Blog: Adult business must have place to relocate

Friday, March 12, 2010


The New York-based 2nd U.S. Circuit Court of Appeals decided March 10 in TJS of New York v. Town of Smithtown that an adult business can challenge the sufficiency of the alternative sites when it files its legal challenge, not only when the zoning law was passed. The case now goes back to the federal district court.

This question is important because sometimes there is a delay of many years between when a zoning law is passed and when a particular adult business challenges the law. When a city passes a law that forces a business to move, there is generally a so-called “amortization” period, which gives the business a period of time (often several years) to relocate.

But what happens to the adult business if the city doesn’t have many alternative sites for relocation? What happens if new owners purchase the adult business and there isn’t a suitable location anywhere in town?

As the 2nd Circuit noted, “the underlying question in adult zoning cases is whether the challenged restriction leaves open alternative avenues of communication.”

Some government officials have argued, as officials in Smithtown, N.Y., have, that in assessing alternative locations, the court should only consider how many sites were available when the law was passed. The adult business owner — TJS of New York Inc. — countered that examining locations only when the law is passed is too restrictive, because over time many once-available places become unavailable.

The 2nd Circuit agreed, writing that “the First Amendment does not allow courts to ignore post-enactment, extralegal changes and the impact they have on the sufficiency of alternative avenues of communication.” The court pointed out that sometimes many sites available at the law’s passage become unavailable, as more businesses come to town and the population grows. (The opinion also acknowledged that sometimes more sites become available, depending on development patterns.)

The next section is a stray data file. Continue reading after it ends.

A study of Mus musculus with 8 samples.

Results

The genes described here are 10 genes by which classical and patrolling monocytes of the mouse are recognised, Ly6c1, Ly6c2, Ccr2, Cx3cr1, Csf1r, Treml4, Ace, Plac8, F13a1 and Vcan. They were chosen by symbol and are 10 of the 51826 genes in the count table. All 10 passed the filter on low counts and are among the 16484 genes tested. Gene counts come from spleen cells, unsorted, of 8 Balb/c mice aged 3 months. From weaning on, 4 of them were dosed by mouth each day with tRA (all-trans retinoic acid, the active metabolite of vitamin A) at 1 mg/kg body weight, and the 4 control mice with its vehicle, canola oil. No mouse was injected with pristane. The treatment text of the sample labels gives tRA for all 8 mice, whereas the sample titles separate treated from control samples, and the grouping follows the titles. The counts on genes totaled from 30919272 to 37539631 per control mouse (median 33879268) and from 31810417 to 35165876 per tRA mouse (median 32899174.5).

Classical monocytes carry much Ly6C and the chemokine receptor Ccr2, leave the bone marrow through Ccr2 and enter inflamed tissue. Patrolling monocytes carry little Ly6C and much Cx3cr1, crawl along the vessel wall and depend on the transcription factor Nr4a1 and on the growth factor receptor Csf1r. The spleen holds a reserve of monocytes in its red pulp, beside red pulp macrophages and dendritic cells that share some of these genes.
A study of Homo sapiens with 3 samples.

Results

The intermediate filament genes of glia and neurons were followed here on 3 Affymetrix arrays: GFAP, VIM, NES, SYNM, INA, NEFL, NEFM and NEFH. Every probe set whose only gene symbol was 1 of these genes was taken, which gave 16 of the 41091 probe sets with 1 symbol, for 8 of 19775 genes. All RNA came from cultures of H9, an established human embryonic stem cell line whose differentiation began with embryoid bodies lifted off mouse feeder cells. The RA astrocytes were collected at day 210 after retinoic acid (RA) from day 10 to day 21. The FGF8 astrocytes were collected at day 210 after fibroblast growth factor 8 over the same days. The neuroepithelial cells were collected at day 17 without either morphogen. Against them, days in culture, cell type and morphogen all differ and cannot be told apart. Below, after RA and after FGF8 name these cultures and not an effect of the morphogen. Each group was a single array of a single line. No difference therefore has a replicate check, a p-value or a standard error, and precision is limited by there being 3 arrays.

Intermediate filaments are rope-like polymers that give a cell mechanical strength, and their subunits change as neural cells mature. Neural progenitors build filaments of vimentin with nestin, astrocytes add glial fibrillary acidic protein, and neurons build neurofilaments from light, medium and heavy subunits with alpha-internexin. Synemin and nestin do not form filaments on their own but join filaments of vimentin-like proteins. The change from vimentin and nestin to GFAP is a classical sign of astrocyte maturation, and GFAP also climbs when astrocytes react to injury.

The 2nd Circuit’s decision differs from those in some other courts, which have maintained a myopic focus on the time of a zoning law’s passage. The 2nd Circuit rightly reasoned, however, that if the law focused only on the number of sites available at the law’s passage, then a law could be “immune from First Amendment challenge” as long as there were initially many available locations — even if those sites all became unavailable later.

Even though this decision is, on balance, a positive development, this area of the law is still tough for adult businesses. That’s because the law does not require the alternative sites to be profitable or commercially viable. As the 2nd Circuit wrote, “alternative sites need only be available, not attractive.”

In its opinion, the 2nd Circuit also said that “over the past few decades, adult entertainment establishments have played a disproportionately prominent role in First Amendment doctrine.”

This may be true, but that is often the fault of government officials who continually seek to impose a host of restrictive zoning laws in efforts to relegate adult businesses to less-desirable locations. If government officials would not pass increasingly restrictive zoning and licensing laws, then adult businesses wouldn’t have to file so many First Amendment challenges.